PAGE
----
POLITICS

Supreme Court dismisses Crown's appeal of MacIntosh abuse case; review underway

04/22/2013 12:13 EDT | Updated 06/22/2013 05:12 EDT
HALIFAX - Nova Scotia's Public Prosecution Service will conduct a review of how it handles extradition cases after the Supreme Court of Canada ruled the Crown took too long to bring an accused sex offender to trial.

The high court, in an oral decision delivered Monday, rejected the Crown's appeal of a lower court decision that quashed all 17 sex offence convictions against a Nova Scotia man involving boys in the 1970s.

In December 2011, the Nova Scotia Court of Appeal threw out the convictions against Ernest Fenwick MacIntosh on the grounds that a 14-year delay between the original allegations and the trial was too long.

MacIntosh was in India working as a consultant when the allegations first surfaced in 1995, but he wasn't extradited to Canada until 2007, and his trial didn't start until 2010.

In their request to the Supreme Court of Canada for an appeal, Nova Scotia prosecutors said the Appeal Court erred in its decision because it didn't give enough weight to the public's interest.

The appeal was heard Monday, but the high court settled the matter quickly with a rare oral judgment that concurred with the lower court.

Nova Scotia Justice Minister Ross Landry said the province's internal review will also deal with the role of the federal government.

"An analysis has to be done of the Supreme Court decision, so I will read that and then I will talk with my federal counterparts in regards to this matter," he said.

Martin Herschorn, director of Nova Scotia's Public Prosecution Service, said the review should be completed before the end of May.

"We are going to be looking at our processes with regard to cases that involve extradition to see whether we can better understand the delays that occurred ... with a view to preventing things happening in future," he said.

Asked whether the RCMP or the Crown was responsible for the delay, Herschorn said: "It lies with the Crown. We have an obligation under the Constitution to deal with cases as expeditiously as possible."

MacIntosh, a former Cape Breton businessman, eventually faced two trials on the charges, each dealing with a separate group of complainants.

He was convicted of molesting four boys. The convictions included eight counts of indecent assault and nine counts of gross indecency.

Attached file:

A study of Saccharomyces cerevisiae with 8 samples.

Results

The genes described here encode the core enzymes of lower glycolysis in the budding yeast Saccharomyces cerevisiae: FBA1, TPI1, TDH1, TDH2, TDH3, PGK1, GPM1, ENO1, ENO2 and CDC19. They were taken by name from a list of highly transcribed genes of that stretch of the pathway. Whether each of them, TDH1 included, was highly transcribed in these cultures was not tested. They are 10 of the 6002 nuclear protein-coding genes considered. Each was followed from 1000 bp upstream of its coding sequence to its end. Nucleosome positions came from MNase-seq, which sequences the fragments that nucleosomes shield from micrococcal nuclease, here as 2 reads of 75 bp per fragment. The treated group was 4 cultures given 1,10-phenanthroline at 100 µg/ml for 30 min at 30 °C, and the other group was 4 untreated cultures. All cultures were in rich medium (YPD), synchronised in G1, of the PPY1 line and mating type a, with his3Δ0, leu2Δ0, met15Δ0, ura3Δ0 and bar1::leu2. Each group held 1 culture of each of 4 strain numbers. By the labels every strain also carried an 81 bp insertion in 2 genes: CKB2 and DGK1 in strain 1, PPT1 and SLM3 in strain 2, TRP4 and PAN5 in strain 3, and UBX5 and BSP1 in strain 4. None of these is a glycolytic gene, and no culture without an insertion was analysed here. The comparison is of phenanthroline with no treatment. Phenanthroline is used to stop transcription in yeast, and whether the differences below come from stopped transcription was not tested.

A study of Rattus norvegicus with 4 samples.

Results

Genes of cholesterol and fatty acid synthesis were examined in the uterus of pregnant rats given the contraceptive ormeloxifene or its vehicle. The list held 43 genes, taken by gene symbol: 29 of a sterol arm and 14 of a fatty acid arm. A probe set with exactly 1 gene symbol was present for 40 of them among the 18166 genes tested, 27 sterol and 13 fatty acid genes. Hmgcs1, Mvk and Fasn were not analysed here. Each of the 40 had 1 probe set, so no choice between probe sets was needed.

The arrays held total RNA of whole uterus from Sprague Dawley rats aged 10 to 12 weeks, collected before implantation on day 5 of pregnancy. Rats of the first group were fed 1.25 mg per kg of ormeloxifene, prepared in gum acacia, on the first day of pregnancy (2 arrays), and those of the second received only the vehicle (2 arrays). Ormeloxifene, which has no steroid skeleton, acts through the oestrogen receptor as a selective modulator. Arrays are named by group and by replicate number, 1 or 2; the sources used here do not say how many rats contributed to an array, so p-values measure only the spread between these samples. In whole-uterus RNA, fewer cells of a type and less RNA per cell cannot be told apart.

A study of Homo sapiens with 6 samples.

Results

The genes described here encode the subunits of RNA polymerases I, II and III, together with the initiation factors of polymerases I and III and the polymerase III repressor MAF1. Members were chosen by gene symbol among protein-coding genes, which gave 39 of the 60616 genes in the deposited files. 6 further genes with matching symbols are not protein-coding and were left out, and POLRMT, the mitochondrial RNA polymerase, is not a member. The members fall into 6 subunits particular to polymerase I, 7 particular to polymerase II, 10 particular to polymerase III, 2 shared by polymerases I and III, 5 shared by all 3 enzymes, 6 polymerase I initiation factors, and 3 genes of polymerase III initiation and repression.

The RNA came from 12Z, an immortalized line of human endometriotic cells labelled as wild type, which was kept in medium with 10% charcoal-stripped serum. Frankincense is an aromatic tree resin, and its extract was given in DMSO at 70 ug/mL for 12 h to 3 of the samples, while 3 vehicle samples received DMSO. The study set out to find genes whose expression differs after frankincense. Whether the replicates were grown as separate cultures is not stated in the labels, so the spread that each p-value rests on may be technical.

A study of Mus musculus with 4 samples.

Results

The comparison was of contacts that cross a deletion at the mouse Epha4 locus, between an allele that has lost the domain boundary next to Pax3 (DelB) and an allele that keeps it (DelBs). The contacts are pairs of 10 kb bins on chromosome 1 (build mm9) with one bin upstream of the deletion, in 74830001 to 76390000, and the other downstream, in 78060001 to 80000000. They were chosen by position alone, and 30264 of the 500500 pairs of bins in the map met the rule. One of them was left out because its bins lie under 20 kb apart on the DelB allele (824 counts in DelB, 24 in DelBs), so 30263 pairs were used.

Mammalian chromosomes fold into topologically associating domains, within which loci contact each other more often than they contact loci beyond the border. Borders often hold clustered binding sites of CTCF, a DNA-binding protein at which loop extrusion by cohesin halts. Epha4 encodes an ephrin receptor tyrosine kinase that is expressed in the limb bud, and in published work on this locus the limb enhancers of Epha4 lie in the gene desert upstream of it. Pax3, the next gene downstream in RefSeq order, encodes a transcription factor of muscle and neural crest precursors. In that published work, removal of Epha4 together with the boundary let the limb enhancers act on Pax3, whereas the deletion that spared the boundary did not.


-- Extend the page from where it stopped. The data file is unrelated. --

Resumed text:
When the convictions were overturned by Nova Scotia's highest court, the senior Crown attorney handling the case, Jennifer MacLellan, said MacIntosh was responsible for the delays.

On Thursday, Herschorn said: "Those arguments have not found favour with the courts and we have to respect that outcome."

One of MacIntosh's defence lawyers, Brian Casey, said police and prosecutors had known where MacIntosh was living since 1995 and have since given no explanation why it took so long for them to get him before a trial judge.

"The court made it clear today that if there had been an explanation, that could be factored in the determination whether there was too much delay," Casey said in an interview.

"There was very little on record to explain the long delay."

Casey stressed that his client wasn't trying to evade the authorities while living in India, adding that the police officer in charge of the case had MacIntosh's address starting in February 1995.

As well, Casey said his client supplied his address and telephone number to the Canadian government.

"He wasn't hiding at all," Casey said, adding that MacIntosh was living within three blocks of the Canadian High Commission in New Delhi, where he regularly went to renew his passport.

"His whereabouts were available on the Internet. He was living openly under his own name in India."

MacIntosh spent a year in custody and another four years of house arrest, Casey said. He was released in December 2011 when the Nova Scotia Court of Appeal issued its ruling.